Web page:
Are you a financial advisor who has a client (or clients) who, whenever they call, your stomach tenses up in a twisted knot because there is no pleasing them?
If so, you’re not alone. Many financial advisors have clients who are unreasonable, a problem, or even worse…toxic.
So…what to do?
Seth Godin, the best-selling author and entrepreneur (who has not been a financial advisor, btw) has a direct response about dealing with problem clients: “You have three choices: put up with the whiners, write off everyone, or, deliberately exclude the ungrateful curs.” As much as I respect Mr. Godin, I think that his response is glib and dogmatic…and in fact, misses a fourth and best option, e.g. having a direct conversation with the client.
Lewis Post, a producing branch manager for a major wirehouse firm, adopts a proactive approach on how a direct conversation can shift the advisor-client dynamic.
“Often, when confronted directly and politely, the clients will adjust their tone and occasionally beg pardon by saying, “Well, that’s just how I talk. Don’t take me seriously.” Like a lot of bullies, they back down when called on the carpet. I have had personal experiences where I ask the client to not present their frustrations to my staff, because we are really on their side. Feel free to vent to me if you must, but not to my staff. Asking them to help you improve things lets them be magnanimous. It’s amazing how often clients do not hear themselves.”
What is really positive about this approach is two things:
1) Being direct. What this response acknowledges is that clients who act in a bullying manner may not realize what their attitude actually sounds like. When challenged politely and directly, without judgment, they are held accountable for their behavior. Of course, there are also clients who know EXACTLY what they are doing. For these borderline-bullies, a direct manner is best. Clients who act like bullies lose respect for those financial advisors who don’t stand up for themselves, or their team.
2) Partnership. In Mr. Post’s recipe for reacting to the client’s concerns, he invites the aggrieved client to partner with him to help improve how he, and his team, can address the problem at hand. Of course, there is no guarantee that the client will respond favorably, but this approach gives the client the choice to be forgiving. Some clients will chose this opportunity, and some won’t.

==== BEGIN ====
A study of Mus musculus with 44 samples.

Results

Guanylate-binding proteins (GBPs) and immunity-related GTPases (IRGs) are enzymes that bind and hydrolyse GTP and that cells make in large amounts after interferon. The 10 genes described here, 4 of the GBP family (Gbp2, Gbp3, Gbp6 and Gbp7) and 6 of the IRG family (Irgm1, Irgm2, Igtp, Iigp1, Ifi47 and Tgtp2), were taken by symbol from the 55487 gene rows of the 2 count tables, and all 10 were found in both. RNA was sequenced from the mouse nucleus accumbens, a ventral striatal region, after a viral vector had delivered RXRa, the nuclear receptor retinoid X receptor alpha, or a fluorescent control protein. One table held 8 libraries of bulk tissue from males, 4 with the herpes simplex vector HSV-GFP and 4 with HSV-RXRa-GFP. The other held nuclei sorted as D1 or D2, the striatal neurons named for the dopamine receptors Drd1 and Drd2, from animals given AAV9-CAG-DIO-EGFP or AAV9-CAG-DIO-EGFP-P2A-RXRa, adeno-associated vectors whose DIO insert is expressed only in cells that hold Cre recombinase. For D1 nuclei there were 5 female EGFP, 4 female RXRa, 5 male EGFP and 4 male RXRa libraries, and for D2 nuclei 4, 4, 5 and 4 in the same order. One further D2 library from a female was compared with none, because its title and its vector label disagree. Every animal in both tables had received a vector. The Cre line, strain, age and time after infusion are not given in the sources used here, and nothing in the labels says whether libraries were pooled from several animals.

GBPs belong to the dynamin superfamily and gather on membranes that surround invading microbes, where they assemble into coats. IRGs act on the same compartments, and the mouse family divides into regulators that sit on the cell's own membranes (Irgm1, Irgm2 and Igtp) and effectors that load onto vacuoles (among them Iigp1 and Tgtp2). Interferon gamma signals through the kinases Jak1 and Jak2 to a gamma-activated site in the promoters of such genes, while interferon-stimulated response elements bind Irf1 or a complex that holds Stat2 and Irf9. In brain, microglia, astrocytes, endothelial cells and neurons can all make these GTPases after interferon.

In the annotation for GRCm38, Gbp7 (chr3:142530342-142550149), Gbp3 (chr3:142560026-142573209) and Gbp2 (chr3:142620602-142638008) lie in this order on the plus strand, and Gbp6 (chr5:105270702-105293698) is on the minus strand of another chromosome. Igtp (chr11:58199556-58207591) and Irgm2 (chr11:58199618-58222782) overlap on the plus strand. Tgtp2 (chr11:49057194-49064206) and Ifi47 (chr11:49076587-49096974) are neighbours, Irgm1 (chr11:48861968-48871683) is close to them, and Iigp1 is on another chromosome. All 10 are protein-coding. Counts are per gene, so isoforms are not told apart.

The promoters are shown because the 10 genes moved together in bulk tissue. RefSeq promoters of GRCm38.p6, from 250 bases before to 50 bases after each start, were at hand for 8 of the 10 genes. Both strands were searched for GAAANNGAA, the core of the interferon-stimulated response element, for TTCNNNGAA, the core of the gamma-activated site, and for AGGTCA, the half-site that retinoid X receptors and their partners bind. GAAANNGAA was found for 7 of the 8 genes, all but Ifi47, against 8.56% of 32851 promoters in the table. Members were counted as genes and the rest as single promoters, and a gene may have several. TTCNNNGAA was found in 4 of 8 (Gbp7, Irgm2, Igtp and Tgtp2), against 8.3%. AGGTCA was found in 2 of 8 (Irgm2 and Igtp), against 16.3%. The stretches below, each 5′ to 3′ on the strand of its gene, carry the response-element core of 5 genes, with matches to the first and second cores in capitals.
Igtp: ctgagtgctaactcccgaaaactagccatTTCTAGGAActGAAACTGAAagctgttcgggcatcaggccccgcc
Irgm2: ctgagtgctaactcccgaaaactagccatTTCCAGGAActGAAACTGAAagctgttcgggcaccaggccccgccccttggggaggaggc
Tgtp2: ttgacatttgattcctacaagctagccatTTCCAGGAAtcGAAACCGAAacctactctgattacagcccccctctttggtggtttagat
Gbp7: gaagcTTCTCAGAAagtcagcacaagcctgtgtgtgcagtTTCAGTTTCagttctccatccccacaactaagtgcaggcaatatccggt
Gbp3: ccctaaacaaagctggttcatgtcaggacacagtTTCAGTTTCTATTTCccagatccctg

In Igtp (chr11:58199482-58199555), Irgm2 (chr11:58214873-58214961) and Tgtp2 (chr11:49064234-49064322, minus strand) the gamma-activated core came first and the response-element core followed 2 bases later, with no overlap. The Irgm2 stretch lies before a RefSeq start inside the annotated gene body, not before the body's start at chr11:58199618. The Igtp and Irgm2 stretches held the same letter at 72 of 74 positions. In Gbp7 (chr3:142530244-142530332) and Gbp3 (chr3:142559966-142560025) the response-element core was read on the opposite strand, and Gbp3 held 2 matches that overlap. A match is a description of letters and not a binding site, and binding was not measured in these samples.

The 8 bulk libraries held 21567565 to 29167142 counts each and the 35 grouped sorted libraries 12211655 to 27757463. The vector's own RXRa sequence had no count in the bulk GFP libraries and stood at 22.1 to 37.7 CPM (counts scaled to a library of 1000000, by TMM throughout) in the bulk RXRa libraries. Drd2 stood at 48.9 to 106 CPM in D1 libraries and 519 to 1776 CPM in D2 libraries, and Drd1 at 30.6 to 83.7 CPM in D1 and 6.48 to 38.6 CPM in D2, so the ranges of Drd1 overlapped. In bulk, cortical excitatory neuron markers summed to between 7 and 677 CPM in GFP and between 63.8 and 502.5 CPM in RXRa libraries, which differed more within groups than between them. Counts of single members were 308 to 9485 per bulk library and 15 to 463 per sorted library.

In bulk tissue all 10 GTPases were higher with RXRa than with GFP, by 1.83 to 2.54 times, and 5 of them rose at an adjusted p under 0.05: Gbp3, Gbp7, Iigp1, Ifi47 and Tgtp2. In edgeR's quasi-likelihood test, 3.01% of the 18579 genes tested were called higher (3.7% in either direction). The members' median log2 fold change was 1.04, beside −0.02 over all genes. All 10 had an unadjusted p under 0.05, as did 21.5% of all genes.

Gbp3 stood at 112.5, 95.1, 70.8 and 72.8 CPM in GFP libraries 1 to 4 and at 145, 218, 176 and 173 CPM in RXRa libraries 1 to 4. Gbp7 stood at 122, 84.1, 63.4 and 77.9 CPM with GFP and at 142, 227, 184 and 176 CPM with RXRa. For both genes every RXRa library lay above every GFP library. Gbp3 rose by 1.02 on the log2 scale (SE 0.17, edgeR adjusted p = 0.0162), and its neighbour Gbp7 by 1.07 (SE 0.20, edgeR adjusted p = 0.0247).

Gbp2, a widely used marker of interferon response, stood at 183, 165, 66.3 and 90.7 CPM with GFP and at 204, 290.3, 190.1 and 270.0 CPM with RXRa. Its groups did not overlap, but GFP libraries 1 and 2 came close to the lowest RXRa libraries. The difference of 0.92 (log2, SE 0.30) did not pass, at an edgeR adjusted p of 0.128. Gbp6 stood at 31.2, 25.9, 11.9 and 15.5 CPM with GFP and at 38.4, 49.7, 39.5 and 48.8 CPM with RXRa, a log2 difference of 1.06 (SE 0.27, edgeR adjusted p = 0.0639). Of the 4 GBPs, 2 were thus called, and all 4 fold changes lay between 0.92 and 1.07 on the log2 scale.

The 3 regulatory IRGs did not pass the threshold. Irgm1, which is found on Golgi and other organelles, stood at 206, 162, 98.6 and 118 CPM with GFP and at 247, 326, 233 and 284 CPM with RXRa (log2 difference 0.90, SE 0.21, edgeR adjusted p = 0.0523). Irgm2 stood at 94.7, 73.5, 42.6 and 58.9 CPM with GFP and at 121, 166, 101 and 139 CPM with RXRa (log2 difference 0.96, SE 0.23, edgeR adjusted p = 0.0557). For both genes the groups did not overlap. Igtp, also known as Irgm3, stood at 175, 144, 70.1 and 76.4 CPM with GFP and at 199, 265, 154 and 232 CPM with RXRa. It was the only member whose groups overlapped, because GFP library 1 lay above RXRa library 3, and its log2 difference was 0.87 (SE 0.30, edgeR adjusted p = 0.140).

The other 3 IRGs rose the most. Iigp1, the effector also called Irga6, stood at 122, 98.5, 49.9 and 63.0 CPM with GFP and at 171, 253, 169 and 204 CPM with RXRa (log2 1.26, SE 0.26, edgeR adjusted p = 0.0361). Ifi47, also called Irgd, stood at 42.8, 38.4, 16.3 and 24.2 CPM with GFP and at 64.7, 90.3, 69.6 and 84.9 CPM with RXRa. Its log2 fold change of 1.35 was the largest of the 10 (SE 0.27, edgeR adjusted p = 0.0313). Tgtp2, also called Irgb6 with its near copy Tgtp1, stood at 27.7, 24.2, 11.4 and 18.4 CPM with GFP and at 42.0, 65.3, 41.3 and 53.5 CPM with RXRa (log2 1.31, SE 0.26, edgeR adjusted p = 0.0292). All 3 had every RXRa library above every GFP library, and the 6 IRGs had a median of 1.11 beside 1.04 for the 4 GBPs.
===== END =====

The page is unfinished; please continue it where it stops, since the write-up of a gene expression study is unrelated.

A Code of Service Partnership
One team that we have worked with has created a code of conduct that they call the “Code of Service Partnership”. This short but precise document is presented to all clients as part of the new client on-boarding process. It outlines the rules of engagement and cultural norms between the team and the clients, including:
- The core beliefs and values of the team, e.g. their passion for client service, honesty and integrity, direct communication, work ethic, mutual respect, etc.
- Their client service model and what the team commits to with respect to service delivery,
- An explicit process for clients to follow, should the service execution of the team fall short of the client’s expectations. This includes the roles and responsibilities of the team with respect to service matters, and phone numbers and email addresses.
Implicit in this document is the belief that this is a partnership, and that clients will also adhere to the same cultural norms as the team.
What About the Incorrigible Ones?
Regardless of your best intentions, some clients will always be unreasonable. They are not likely to ever have respect for you, your team, or the value of financial advice. In instances like this, it is vital that the leaders of the team not tolerate continued bad behavior.
In these situations, it is best for the team, and in many cases the clients themselves, to terminate the relationship. Breaking up with unreasonable clients in a professional, direct, and gracious manner is a big topic in and of itself. We’ll come back to this one at a future date.